Portugal’s Constitutional Court has rejected on Monday a law voted overwhelming by Parliament last month, allowing euthanasia and medically assisted suicide for terminally ill patients. The judges rejected the law in a 7-5 ruling.
Following the Court rule, the law was swiftly vetoed today by the President of Portugal, Marcelo Rebelo de Sousa, and returned to Parliament. The ruling Socialist Party has already stated that it will reword the legislation and pass it again.
In a statement, the Constitutional Court had deliberated that “the law is imprecise in identifying the circumstances under which those procedures can occur.” The court stated the law must be “clear, precise, clearly envisioned and controllable.” The law lacks the “indispensable rigor,” the judges deliberate.
The law was strongly supported by the governing Socialist Party (PS) who voted in favor, along with the other left-leaning smaller liberal, political factions. It combines five right-to-die bills passed on February 2020.
Re-elected President Marcelo Rebelo de Sousa, a conservative practicing Catholic, had submitted the law to the Constitutional Court last month to be evaluated on the grounds that it contained “excessively undefined concepts.” The law requires the president’s approval to enter into force.
President Rebelo de Sousa had indicated that he would oppose the measure on the basis of the law infringing Portugal’s constitution, which states “human life is inviolable.” In 2018, Portuguese lawmakers had reject a bill to legalize euthanasia and doctor assisted suicide for terminal patients.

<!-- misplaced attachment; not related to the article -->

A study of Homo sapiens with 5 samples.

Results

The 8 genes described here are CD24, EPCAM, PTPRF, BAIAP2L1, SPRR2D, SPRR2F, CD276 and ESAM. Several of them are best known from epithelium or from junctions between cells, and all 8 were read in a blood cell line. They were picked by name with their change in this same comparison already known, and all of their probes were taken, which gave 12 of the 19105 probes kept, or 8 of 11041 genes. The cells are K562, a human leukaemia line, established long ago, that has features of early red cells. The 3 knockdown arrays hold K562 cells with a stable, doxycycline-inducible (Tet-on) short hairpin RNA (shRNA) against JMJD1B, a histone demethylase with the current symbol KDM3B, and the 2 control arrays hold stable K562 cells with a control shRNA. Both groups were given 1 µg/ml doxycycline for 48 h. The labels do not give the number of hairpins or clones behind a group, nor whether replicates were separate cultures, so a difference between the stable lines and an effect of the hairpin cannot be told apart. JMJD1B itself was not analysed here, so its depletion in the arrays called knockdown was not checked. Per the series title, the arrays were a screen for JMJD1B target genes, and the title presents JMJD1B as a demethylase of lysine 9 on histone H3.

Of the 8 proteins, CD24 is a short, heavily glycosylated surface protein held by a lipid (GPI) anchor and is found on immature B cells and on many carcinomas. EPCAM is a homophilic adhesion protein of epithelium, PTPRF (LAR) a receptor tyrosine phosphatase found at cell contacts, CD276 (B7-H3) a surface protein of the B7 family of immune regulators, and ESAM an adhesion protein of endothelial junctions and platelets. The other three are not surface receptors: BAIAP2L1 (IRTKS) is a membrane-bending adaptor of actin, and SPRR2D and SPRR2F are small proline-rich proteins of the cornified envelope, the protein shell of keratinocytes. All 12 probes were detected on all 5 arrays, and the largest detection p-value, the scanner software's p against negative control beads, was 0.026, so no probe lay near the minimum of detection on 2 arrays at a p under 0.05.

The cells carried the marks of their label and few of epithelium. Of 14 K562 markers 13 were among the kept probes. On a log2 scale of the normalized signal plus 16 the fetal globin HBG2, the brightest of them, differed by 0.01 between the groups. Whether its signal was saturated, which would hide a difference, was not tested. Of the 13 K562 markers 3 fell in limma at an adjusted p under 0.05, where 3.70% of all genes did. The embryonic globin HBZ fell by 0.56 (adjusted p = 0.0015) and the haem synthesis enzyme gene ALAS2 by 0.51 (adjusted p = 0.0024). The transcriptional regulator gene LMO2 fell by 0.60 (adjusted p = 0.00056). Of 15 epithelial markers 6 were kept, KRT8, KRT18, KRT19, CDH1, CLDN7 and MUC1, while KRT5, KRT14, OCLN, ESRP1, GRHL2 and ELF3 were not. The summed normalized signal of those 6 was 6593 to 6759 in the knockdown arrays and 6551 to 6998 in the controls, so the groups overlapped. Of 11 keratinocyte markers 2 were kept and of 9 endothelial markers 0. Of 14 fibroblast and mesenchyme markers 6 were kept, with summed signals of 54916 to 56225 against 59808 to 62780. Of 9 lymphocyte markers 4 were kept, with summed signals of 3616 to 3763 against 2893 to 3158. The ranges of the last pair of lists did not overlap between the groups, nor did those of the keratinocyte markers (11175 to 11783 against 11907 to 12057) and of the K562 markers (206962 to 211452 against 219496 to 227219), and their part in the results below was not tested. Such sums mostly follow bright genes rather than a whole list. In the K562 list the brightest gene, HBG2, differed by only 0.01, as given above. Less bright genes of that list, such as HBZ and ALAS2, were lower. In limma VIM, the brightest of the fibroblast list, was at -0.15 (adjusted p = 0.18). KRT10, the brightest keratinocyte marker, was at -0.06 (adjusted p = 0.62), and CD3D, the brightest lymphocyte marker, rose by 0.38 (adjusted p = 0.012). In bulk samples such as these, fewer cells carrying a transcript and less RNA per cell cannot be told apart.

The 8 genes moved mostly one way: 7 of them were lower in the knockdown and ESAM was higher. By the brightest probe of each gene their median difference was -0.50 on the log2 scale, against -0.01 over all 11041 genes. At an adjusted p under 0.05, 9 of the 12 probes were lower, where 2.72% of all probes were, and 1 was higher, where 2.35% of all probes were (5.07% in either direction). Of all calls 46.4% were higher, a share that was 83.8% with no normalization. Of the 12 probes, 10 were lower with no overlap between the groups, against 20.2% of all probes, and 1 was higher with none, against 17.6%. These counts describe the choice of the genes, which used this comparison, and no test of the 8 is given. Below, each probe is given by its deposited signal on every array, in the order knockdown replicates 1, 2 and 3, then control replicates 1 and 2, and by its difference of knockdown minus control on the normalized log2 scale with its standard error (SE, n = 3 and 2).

If approved, euthanasia would be applied under strict rules, when freely and repeatedly decided by an informed adult, “in a situation of intolerable suffering, with extremely serious and permanent harm … or incurable and fatal disease.”
Accordingly, individuals over 18 years old would be allowed to request assisted suicide, if they are terminally ill and suffering from “lasting” and “unbearable” pain, except when mentally not fit to make such a decision. Under these conditions, patients seeking to terminate their lives will administer the drugs themselves, under medical supervision.
The process will only be open to national citizens and legal residents in order to prevent people from travelling to Portugal to get medical help to end their life. A poll last year revealed that about 60% of the Portuguese population supports euthanasia legalization.
If legalized, Portugal will become the eight country in the EU to allow terminally ill patients to seek a medically assisted suicide. Several other European Union countries have allowed euthanasia, namely Germany, Austria, Netherlands, Belgium, Spain, Luxembourg and Switzerland. Countries such as Ireland, Scotland, and the United Kingdom may follow.
Euthanasia has been legalized in New Zealand, Western Australia, and Canada. In the United States, although still illegal in most states, euthanasia is legal in California, Oregon, Washington, Hawaii, Colorado, Vermont, Maine, Montana, New Jersey, including the District of Columbia. States currently seeking euthanasia legalization include New York, Connecticut, New Mexico, Maryland, and Massachusetts.